Over the past year our mental health and wellbeing have been put under strain.
Whether you were classified as a key worker, transitioned to working remotely or simply struggled to keep up with the changing government restrictions, the past year or so has impacted each and every one of us to varying degrees.
At the end of the first lockdown, a survey by mental health charity Mind found that more than half of UK adults and over two thirds of young people said their mental health had worsened. Mental health conditions such as depression have seen an increase year on year. The Office of National Statistics found that 21% of adults in the UK were said to have suffered from depression by the end of the lockdown in 2021 – up 3% from June 2020.
In my role at FedEx, I have witnessed first-hand how the pandemic has affected wellbeing. As an essential service provider, FedEx team members have worked tirelessly to keep trade flowing while also delivering personal protective equipment and medical supplies. Our team members had to quickly adapt to the changing working environment while continuing to operate as usual to ensure goods continued to flow around the globe. From January 2020 to July 2021, FedEx Express shipped more than 100 kilotons of personal protective equipment, including more than 2.4 billion masks around the world.
Making sure all our team members were safe and felt supported is and always will be our number one priority. We quickly adapted our operations in line with social distancing measures, including taking away the need for customers to physically sign for deliveries to make sure our team members and customers felt safe. There was no hesitation in providing all our team members with masks and PPE from the start, long before the government advised companies to do so. Rapidly enforcing social distancing in our busy operational sites was also key, as we were committed to maintaining the highest standard of safety possible for our essential frontline team members under challenging circumstances.
Flexibility took centre stage as we found new ways to be effective while looking after each other. As an example, we offered support for colleagues with childcare commitments who had to balance a ‘new normal’ where home life, work life, and family considerations often overlapped. Maintaining that sense of community at all our sites was key to facing these challenging times and our internal communications, whether virtual or at a safe distance, played a leading role in fostering team member connections, boosting team morale, and helping ensure that everyone knew what was happening and what actions were taken. We not only supported teams with enhanced IT equipment to work remotely, but also equipped managers with toolkits to support their teams and identify any individual difficulties.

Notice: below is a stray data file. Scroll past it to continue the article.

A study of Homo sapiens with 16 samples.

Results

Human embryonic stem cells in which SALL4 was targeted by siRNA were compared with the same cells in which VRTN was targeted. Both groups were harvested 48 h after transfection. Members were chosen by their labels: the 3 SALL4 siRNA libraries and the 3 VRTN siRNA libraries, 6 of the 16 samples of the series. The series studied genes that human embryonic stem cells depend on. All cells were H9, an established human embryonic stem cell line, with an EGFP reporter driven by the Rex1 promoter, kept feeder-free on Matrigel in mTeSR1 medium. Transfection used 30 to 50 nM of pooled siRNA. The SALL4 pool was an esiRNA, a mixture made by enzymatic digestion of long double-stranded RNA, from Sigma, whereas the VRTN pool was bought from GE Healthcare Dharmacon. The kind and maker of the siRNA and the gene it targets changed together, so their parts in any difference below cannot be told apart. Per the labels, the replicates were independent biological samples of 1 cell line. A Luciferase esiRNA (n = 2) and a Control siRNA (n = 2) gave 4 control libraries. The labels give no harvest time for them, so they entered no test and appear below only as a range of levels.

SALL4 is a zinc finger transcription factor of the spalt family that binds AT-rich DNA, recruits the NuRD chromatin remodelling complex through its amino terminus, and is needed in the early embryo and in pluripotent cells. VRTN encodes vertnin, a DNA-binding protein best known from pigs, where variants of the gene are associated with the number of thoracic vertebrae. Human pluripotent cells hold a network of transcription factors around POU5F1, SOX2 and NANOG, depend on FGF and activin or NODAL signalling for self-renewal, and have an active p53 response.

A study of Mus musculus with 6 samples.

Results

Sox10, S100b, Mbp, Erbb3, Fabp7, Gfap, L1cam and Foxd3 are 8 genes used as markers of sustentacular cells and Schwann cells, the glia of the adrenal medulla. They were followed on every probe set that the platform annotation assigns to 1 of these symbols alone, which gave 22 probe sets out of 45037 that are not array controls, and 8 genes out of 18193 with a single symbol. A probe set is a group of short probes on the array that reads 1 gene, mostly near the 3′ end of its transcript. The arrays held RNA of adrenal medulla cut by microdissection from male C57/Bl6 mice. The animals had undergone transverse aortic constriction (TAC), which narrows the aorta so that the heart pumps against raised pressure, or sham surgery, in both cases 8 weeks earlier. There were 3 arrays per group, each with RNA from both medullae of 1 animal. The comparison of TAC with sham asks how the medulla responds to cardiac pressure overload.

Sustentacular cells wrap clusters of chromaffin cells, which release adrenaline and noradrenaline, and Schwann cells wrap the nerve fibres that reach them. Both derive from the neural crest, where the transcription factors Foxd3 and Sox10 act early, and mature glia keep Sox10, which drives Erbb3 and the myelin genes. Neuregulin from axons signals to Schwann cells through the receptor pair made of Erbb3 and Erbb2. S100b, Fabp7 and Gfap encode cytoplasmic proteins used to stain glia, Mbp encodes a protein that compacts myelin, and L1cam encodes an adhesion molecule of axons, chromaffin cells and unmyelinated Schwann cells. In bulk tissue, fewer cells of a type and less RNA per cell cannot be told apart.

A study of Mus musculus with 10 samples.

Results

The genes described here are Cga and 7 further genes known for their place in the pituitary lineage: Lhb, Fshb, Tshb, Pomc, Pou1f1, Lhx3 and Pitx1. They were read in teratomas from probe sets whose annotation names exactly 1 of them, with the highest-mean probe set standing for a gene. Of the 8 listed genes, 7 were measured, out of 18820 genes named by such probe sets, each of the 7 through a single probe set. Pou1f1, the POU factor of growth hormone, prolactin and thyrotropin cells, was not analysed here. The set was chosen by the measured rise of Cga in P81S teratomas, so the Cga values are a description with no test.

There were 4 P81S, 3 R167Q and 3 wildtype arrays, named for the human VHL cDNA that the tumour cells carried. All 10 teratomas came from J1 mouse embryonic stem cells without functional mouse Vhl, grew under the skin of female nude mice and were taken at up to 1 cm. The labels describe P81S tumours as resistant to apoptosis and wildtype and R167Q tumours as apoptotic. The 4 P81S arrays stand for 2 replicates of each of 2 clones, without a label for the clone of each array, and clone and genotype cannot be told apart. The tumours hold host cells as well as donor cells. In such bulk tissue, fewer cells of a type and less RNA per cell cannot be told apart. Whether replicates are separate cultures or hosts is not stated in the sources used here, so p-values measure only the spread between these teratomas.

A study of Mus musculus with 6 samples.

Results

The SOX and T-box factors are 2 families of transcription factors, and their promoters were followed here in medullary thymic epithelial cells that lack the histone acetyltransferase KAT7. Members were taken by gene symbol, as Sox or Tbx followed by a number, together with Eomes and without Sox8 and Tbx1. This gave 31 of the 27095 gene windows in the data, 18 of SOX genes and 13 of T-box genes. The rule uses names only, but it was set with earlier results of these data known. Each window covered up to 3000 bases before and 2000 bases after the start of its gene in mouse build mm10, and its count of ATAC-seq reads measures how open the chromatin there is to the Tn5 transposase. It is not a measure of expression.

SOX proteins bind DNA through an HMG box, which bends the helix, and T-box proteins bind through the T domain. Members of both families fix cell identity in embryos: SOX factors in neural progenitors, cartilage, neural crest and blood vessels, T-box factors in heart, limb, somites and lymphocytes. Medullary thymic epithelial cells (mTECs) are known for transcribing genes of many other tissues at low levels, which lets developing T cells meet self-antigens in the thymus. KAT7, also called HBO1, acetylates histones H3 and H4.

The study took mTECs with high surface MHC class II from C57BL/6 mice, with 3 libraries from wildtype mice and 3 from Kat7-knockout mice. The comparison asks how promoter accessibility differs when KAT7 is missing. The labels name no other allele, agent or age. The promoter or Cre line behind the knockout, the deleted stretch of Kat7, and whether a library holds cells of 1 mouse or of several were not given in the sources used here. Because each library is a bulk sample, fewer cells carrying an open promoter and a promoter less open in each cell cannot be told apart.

At FedEx, we work hard to support our team members. We enhanced our existing Employee Assistance Programme, enabling people to get the support they needed, and held management training sessions on mental health awareness so they could spot the signs within their teams of people who may be struggling.
We also witnessed the importance of our FedEx Mental Health Champions: team members who take action to raise awareness of mental health problems amongst staff and challenge the stigma surrounding the topic. These individuals volunteer their time and are always on hand to provide confidential support to colleagues across the business, encouraging people to look out for each other and watch out for signs that others may need extra help.
In addition, we launched a number of regional initiatives to help bring this sense of community into the workplace. In May, 53 FedEx team members from our Atherstone hub collectively completed 987 miles in a “Get Active” challenge to raise awareness of the benefits that exercise has on people’s mental health.
Team members at our Harlow and Enfield depots also organised a charity walk to raise money and get their colleagues and communities moving. Spending most of their days on the road or sitting at their desks, team members have welcomed this change to their usual routine and witnessed an improvement in both their physical and mental health as they were training for the charity walk.
While the pandemic has undoubtedly been a hugely challenging time for us all, it has been reassuring and uplifting to see how people have come together during this crisis. We saw a greater focus and emphasis placed on protecting local communities, with individuals taking the initiative and going the extra mile to help neighbours in need.
Prioritising mental health has never been more critical than it is now for companies. Managers have the responsibility to regularly connect with their teams and check on their health and wellbeing, providing the right resources to ensure every employee feels cared for.
However, we must not forget that this has been an incredibly tough year not just for our team members, but our customers too. Customers have experienced unprecedented challenges, with some sadly having to close their businesses, suspend in-person activities, and move to online trading. The restrictions particularly impacted our SME customers.
The need for a network of support is vital during these difficult times. Larger businesses sometimes have the ability to be proactive in offering advice, support, and mentorship for smaller businesses – a scenario that can be beneficial for both parties during uncertain times. Increased sensitivity and awareness are needed not only internally, but externally. We need to come together collectively at every level of the supply chain to ensure that not only our team members, but also our suppliers and customers feel supported.